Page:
THE Western Australian government, struggling with reduced mining revenue, is still planning to sell off its TAB but has to sort out how to satisfy its major “stakeholders” – ie the three racing codes. Currently, RWWA (Racing and Wagering Western Australia) not only operates the TAB but also controls each of the codes. It holds the purse strings while GWA runs the actual greyhound meetings.
In the last three changes of this nature, Tatts got two prizes – SA and Tasmania TABs – while Tabcorp won a consolation price by buying up the tiny ACTTAB. Only WA now remains in government hands.
Along the way, Tabcorp has been discouraged from combining its NSW and Victorian arms (by the NSW government) and Tatts may have won a booby prize by concluding a 30 year agreement with the Queensland government to handle all its tote business. None of the three codes in Queensland are doing well at the moment – or in the past, for that matter, and Ubet does not enjoy a great reputation in the state.
Prior to some of those privatisations – and continuing now in WA – SA, Tasmania and the ACT had their tote business pooled with Tabcorp’s Supertab. That practice generally improved the lot of punters because of the bigger betting pools so constructed. Anecdotal evidence suggests that many local punters in SA and Tasmania are still favouring the Melbourne-based Tabcorp and its much larger pools.
However, the position has now reversed because total Tatts turnover is not holding its own, largely due to poor takings in Queensland. In all cases, the status is a bit confusing as wagering business is migrating from the traditional tote to Fixed Odds offerings from both the TABs and corporate bookmakers. Unfortunately for racing authorities, the former attracts higher commissions than the latter.
A little more confusion is generated as Tabcorp (and Tatts to a lesser extent) push ahead with expanding operations in overseas jurisdictions. Amongst other factors, this is causing lesser meetings (usually greyhounds, especially those on SKY 2) to sustain life under reduced turnover, making them less attractive to genuine punters. Overlapping races mean the available cash is distributed more thinly. There is only so much to go around.
Despite all that, everywhere except Queensland is showing small rises in turnover and usually also in commissions earned. In the recent past, that growth has emerged from extra races but that fillip has now pretty well run its course. Consequently, we have to assume that the current betting package (tote plus Fixed Odds) is proving slightly more attractive at the margin, but for whom?
My guess is that some serious or even professional punters may be able to pick the eyes out Fixed Odds offerings from time to time but much more likely is that many folk just like the price certainty of what they get from the TABs and corporate bookies, regardless of the poor value they receive. And that value is seldom great by comparison with the tote. Of course, they may well have suffered the indignity of having their tote dividend chopped in half when they invested too much money on the tote. So now they are taking the better of two evils.
In fact, WA’s recent report indicated that, coinciding with the rapid growth in corporate bookie turnover, the average bet size had fallen between the 2014 and 2015 years, thereby suggesting that less knowledgeable investors were present.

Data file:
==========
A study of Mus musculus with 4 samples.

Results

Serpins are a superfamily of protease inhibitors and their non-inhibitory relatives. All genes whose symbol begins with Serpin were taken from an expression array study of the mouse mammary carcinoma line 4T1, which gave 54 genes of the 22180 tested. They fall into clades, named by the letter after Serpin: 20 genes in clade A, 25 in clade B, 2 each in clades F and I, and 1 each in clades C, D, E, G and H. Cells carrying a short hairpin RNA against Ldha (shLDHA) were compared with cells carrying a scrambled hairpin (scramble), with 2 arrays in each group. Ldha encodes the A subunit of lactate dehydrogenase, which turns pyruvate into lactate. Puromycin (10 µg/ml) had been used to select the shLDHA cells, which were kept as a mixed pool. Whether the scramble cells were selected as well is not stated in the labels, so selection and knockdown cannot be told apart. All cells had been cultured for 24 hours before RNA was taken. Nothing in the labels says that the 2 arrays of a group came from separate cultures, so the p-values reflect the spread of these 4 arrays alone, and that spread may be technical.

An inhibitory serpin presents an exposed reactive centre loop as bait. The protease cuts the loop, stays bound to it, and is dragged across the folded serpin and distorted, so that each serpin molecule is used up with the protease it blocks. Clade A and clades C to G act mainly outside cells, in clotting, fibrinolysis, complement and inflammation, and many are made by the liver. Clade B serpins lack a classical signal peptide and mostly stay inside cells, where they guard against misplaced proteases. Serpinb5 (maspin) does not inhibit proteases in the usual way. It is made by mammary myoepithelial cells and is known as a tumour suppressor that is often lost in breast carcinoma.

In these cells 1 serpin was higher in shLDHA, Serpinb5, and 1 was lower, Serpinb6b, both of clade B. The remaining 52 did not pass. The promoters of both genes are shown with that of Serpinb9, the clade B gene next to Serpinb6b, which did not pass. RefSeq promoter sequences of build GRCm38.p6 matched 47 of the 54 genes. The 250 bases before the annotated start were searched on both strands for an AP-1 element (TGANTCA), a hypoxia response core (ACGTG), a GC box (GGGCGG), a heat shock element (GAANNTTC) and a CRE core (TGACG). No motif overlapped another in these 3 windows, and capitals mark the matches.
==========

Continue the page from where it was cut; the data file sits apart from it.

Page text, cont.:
So what will influence the WA government’s decision? It is clear it wants to sell but who will it favour as the buyer?
Without knowing all the confidential data, we cannot be sure exactly why SA and Tasmanian governments chose Tatts as their preferred buyer. The assumption has to be that they offered more than Tabcorp. (Remember also that the government tote in Tasmania had got itself into a bind because it had provided huge discounts to big punters and had thereby forgone most of its profits. Tatts wiped out those goodies immediately it took over).
In effect, this paralleled the earlier NSW decision to sell to the highest bidder without much consideration about alternatives that might have produced better long term returns – ie by adopting policies which might have some chance of increasing the size of the pie. More and better wagering competition would have been one such method but instead protectionism prevailed. States invariably want to improve the current annual budget rather than look towards, say, benefits over 10 or 20 years.
Whatever the reasoning, the fact is that SA and Tasmania bought into the weaker of the two major TABs. In this electronic age no serious punter would bother investing in a small pool when a larger one is readily available, as well as a platoon of online bookies.
WA now faces that same decision with the same over-riding factors in place. Given that Tatts is carrying a ball and chain in respect to Queensland and its total turnover is flat or negative, what can it possibly offer WA?
Tabcorp already has a longstanding relationship with WA racing – via Supertab – and must be a short-priced favourite to win the business. Always assuming, of course, that the state Treasurer (who is usually the key influence) does not opt for a higher bid with short term benefits only.
Alternatively, it would be an entirely different race were everyone to join in a national betting pool. The formguide would have to be rewritten and a new battleground established.
Blow me down if it hasn’t happened again. Last Sunday yet another dog was “Retired” after racing at Sandown. The experienced 27-months old Shanlyn Hoss pressed hard around Sandown’s first turn, only to suffer a broken hock as it tried to gather speed entering the back straight. The vet euthanased it.
Sandown is not the only place this happens but it is surely the most common, and always coming out of the first turn.
It would be interesting to compare Victorian stats for Retired, Injured and Euthanased dogs. Or maybe they are all chucked in the same basket?